Egay Uy .
THE Nazareth Tennis Club playground, i.e., the tennis courts, are reportedly under threat of being demolished and replaced with a four-storey building by the barangay government of Nazareth.
The move was reportedly communicated already, albeit informally, to the tennis club that is based in the Barangay Nazareth tennis courts.
As appearing in Facebook posts and comments, the proposed project seems to be opposed by the tennis players, or the tennis club itself, because of several reasons, among which is that the tennis club has caused the production of national and international tennis talents both as players and as coaches. Names like Alerre, Melendez, Alcantara, Talatala, and several others, always ring bells.
Besides, the tennis courts have provided livelihood to several residents in the area. We will note that up to today, pulot boys, volley boys, and even tutors come from the vicinity of the tennis courts.
I myself learned to volley my first tennis balls in those courts. With Fidel Talatala Jr. whom we fondly call Dingo, and Oscar “Bebot” Talatala, whose Anak-Baryo adopted name is Freddie, took pains in literally dragging us to those courts and painstakingly took turns returning our wayward balls.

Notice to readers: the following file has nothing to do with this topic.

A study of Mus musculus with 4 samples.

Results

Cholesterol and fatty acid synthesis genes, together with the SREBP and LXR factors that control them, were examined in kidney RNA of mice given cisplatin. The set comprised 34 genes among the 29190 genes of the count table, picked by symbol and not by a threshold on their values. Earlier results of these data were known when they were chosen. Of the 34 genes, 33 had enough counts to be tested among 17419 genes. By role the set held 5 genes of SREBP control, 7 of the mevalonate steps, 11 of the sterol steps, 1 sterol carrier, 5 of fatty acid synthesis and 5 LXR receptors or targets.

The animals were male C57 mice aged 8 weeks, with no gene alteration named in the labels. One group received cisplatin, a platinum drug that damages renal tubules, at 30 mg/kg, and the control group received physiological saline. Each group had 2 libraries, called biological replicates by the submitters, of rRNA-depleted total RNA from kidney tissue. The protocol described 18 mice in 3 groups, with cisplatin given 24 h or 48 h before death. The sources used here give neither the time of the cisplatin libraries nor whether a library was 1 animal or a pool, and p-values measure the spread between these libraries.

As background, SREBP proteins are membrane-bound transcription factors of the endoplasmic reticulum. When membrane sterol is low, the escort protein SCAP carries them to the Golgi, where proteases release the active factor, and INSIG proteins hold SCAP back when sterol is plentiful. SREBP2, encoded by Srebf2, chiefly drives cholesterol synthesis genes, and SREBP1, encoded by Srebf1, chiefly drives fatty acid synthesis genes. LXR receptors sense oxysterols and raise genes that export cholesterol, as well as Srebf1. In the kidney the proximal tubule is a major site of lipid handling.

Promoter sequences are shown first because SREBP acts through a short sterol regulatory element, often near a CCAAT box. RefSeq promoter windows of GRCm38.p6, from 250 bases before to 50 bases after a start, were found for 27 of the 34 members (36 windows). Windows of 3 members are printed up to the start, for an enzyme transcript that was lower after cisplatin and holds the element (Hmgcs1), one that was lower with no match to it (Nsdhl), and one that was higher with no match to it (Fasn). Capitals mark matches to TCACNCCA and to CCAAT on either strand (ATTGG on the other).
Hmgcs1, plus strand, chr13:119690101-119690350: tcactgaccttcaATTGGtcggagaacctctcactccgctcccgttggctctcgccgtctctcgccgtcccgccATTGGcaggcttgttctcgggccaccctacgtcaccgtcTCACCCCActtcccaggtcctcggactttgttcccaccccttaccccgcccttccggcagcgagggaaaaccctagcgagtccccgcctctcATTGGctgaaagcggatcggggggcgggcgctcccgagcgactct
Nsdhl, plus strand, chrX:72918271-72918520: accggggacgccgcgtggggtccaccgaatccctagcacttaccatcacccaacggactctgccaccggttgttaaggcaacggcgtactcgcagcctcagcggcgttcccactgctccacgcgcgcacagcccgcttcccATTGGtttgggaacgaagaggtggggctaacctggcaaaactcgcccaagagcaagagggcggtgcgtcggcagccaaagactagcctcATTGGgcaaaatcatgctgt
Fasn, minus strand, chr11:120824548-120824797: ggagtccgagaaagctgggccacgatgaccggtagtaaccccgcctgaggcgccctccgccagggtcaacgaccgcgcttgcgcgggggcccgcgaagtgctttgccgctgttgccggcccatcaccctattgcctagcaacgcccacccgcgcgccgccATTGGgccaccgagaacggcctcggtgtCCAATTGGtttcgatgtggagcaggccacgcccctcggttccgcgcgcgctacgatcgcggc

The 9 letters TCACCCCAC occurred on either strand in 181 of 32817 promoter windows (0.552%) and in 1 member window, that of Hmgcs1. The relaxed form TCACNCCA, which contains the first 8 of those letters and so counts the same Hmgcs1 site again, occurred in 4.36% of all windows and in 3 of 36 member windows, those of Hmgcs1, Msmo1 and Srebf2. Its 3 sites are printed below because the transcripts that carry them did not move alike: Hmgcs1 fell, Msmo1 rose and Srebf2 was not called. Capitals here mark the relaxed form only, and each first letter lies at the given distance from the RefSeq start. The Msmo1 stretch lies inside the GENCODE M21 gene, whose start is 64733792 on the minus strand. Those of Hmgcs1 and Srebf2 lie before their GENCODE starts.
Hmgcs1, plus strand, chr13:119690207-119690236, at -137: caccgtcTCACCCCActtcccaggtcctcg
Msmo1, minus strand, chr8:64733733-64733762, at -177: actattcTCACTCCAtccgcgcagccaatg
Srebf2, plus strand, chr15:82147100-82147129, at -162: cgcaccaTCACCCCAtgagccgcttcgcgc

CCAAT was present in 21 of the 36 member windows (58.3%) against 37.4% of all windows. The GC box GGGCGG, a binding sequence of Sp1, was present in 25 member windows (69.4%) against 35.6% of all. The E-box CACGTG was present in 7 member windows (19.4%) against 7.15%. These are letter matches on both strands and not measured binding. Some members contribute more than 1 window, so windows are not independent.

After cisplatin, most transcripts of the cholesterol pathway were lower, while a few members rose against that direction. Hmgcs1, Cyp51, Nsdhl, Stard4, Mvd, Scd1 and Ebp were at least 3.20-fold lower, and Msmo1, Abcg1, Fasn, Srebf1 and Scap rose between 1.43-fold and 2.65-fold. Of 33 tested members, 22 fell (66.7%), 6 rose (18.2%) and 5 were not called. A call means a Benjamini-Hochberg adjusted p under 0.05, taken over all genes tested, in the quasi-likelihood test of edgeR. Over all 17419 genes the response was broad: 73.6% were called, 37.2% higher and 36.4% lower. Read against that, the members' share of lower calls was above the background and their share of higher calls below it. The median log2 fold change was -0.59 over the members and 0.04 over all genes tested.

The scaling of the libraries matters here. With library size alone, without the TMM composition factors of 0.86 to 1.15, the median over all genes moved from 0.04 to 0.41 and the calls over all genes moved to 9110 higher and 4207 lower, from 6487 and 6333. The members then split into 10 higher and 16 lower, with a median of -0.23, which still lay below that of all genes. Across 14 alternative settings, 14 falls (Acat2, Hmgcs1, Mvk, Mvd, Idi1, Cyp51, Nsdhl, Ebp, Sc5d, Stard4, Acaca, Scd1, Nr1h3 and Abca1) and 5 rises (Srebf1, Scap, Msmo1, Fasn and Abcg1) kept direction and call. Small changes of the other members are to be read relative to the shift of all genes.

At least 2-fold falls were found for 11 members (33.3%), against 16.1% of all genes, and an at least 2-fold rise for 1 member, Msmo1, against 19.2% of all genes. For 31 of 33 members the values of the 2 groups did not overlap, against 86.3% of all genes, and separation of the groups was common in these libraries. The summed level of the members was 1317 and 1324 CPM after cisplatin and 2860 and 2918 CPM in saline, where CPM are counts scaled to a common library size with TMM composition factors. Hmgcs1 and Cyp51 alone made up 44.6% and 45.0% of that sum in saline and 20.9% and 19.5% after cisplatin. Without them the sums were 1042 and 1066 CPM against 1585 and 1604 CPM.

The Nazareth tennis courts have already become a landmark in Barangay Nazareth. It has become synonymous with “barrio hall” of yore. That area in the barangay has become the convergence area of the barangay youth.
Aside from learning our first strokes of the game of tennis, we also used to play basketball in the open basketball courts there. The Anak-Baryo often participated in pre-fiesta barangay tournaments even as we often lost to the bigger and better guys.
While I now reside in another barangay, my memories of Barangay Nazareth where our ancestral home is located, still lingers. The information on the demolition of the tennis courts had come as a sad note. Part of my Nazareth roots will be dismembered, so it seems.
That Barangay Nazareth has been part of my childhood cannot be overemphasized. It was in that barangay where I met my ex-girlfriend, my ex-princess (now my wife and my queen), Juliet Inovero. It was in that barangay where I grew up amid the adversities of life which I managed to parry and conquer.
It for these reasons, and several others more, that I find interest in the move to replace the barangay tennis courts with a building, which I hope will be re-thought by the proponents.